Time To Leave The Nest And Fly


Unless you have gone through the experience, nothing will prepare you for the moment when you need to leave them on their own for the first time. You thought you had an emotional breakdown the night they had their first sleepover at a friend’s house? Baby, you ain’t seen nothing yet. Like the first time you became parents, there is no handbook you can refer to when you hug them goodbye and they head out into life for the first time without you.

Of course, not everyone experiences that Hallmark moment in the same way.

Our firstborn, James, journeyed to East Stroudsburg University in Pennsylvania just a few miles over the Jersey State line off Route 80. Knowing he was only a few hours away (on a good day) was somehow comforting to us. You know, just in case.

On moving-in day, we packed a rental van with everything he was going to need and headed out for what we assumed was going to be a very emotional day. Back in 2007, we were required to create a school account we could replenish through our bank that would be linked to his school ID card. That card would be used for everything—access into the dorm, his room and, more importantly, his daily meals. Just to be sure, we gave him an additional $600 in cash.

That day on campus, we might as well have been invisible. By the time we did all the work and got him set up, he was ready to go off to his new life and seemed anxious to get rid of us. I had prepared myself for a truly emotional farewell like you see in the movies. Instead, it was more like when you help your friends move into their new home, except there was no pizza and beer at the end of the job.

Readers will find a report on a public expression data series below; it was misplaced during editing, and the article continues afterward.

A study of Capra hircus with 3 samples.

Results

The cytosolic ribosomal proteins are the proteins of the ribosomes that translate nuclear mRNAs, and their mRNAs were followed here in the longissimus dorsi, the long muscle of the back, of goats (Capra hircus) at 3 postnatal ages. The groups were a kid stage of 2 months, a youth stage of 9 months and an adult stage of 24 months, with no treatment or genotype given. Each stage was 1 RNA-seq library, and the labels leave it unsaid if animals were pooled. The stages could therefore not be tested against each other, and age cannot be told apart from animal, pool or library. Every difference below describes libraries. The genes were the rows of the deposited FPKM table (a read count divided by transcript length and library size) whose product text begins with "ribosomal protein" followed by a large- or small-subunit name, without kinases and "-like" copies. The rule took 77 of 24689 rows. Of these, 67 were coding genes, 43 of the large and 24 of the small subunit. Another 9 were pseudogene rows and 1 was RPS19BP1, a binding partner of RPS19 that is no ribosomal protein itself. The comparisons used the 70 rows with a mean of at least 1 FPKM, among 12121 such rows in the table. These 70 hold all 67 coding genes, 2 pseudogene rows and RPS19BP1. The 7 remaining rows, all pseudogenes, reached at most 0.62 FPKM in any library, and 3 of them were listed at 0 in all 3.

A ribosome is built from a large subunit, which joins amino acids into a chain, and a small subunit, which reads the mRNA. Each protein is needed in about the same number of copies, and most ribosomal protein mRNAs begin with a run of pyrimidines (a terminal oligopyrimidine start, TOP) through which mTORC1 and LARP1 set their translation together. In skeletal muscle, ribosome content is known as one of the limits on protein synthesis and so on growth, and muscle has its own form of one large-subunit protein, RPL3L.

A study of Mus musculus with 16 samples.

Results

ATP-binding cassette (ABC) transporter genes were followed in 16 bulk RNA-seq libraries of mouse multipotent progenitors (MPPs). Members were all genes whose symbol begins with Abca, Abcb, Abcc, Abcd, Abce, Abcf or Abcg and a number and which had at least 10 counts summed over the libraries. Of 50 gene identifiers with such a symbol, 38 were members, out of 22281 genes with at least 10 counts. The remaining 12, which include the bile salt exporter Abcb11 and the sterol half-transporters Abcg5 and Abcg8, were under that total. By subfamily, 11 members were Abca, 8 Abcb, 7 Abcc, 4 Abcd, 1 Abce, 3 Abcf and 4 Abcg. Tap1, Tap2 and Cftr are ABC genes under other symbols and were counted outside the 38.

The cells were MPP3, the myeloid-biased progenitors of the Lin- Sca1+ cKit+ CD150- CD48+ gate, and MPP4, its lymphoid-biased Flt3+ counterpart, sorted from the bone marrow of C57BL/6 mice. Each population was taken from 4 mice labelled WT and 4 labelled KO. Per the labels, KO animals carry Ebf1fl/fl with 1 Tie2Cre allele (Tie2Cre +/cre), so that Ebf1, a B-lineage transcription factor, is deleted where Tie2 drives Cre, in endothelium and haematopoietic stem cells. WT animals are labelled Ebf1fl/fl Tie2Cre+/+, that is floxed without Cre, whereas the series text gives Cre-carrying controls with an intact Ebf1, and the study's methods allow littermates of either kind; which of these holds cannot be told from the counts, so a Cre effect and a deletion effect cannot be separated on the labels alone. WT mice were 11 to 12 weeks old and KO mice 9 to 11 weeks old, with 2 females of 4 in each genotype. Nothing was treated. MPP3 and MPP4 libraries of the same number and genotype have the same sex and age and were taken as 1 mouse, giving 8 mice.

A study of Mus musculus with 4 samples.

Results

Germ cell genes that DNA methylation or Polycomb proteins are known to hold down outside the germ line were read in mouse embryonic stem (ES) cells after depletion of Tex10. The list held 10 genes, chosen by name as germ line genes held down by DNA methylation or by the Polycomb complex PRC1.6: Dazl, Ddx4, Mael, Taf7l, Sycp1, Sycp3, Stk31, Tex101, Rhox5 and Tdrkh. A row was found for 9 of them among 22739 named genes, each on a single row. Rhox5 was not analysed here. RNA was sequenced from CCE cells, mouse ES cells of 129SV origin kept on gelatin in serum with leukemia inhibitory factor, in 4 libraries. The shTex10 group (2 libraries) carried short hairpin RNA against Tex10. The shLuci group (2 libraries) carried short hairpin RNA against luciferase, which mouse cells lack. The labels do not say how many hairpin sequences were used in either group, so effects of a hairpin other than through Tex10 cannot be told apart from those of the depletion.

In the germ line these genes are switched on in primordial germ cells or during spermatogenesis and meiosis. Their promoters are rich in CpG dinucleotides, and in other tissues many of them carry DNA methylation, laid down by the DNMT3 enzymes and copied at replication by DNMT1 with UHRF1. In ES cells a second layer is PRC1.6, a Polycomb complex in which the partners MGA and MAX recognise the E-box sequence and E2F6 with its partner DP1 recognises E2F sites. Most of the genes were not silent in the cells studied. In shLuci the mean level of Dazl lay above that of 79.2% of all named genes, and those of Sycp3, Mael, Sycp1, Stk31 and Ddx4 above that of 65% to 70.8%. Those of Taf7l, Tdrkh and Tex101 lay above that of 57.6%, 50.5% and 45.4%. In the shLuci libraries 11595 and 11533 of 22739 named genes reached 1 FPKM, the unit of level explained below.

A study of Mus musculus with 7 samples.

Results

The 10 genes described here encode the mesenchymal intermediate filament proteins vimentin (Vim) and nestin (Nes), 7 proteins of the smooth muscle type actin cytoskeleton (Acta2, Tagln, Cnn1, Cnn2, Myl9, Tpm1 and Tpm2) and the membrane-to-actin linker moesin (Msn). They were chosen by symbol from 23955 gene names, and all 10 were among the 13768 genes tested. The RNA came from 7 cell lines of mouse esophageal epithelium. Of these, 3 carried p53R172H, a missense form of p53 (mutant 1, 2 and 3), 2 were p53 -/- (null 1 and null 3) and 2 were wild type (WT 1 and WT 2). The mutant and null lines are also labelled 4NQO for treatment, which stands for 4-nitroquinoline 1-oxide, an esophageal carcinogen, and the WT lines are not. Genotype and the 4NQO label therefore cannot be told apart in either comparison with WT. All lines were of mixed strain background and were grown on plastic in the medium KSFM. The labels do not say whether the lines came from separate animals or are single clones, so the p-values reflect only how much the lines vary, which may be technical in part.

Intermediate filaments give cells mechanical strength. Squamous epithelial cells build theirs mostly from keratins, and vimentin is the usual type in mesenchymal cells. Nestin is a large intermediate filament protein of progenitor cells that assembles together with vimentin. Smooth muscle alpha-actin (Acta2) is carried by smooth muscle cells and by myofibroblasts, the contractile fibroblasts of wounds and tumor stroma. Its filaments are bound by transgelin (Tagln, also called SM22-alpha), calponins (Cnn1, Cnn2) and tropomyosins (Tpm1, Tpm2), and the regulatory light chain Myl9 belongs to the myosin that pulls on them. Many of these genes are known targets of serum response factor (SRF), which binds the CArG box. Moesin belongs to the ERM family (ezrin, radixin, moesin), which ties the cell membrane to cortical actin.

We had planned to stay in a hotel overnight and take the boys out to breakfast the next morning. Instead, we jumped into the car and drove home. While perusing the paper on Sunday morning to take advantage of an afternoon movie, the phone rang and the caller ID indicated it was James’ cell phone. Uh, oh.

He had been to an off-campus party the night before and lost his wallet, which of course contained his credit card, his student ID card and all of his cash. What he was doing at an off-campus party on the first night, I can’t answer. I didn’t ask a lot of questions because, quite frankly, I already knew the answers.

Unfortunately for him, there wasn’t anything we could do to bail him out of this mess. He had to wait until Monday to get a new ID card and needed to borrow money from his roommates to get food from the cafeteria. After hanging up the phone, my wife and I looked at each other and shook our heads. When did our kid become such a knucklehead?

We continued to call him each week to find out how things were going, but sometime before Thanksgiving, he phoned to say he found the wallet. “The girl that hosted the party found it,” he said so triumphantly. “It was inside the pocket of a pair of jeans she found in her drawer and still had the $600 in it.”

At that point, I decided I didn’t want to know anything more about it. Turns out we were prepared for James to leave the nest, but he wasn’t ready to fly.

Paul DiSclafani, a Massapequa resident, is a 2018 Press Club of Long Island award winning columnist and an Anton Media Group contributor since 2016.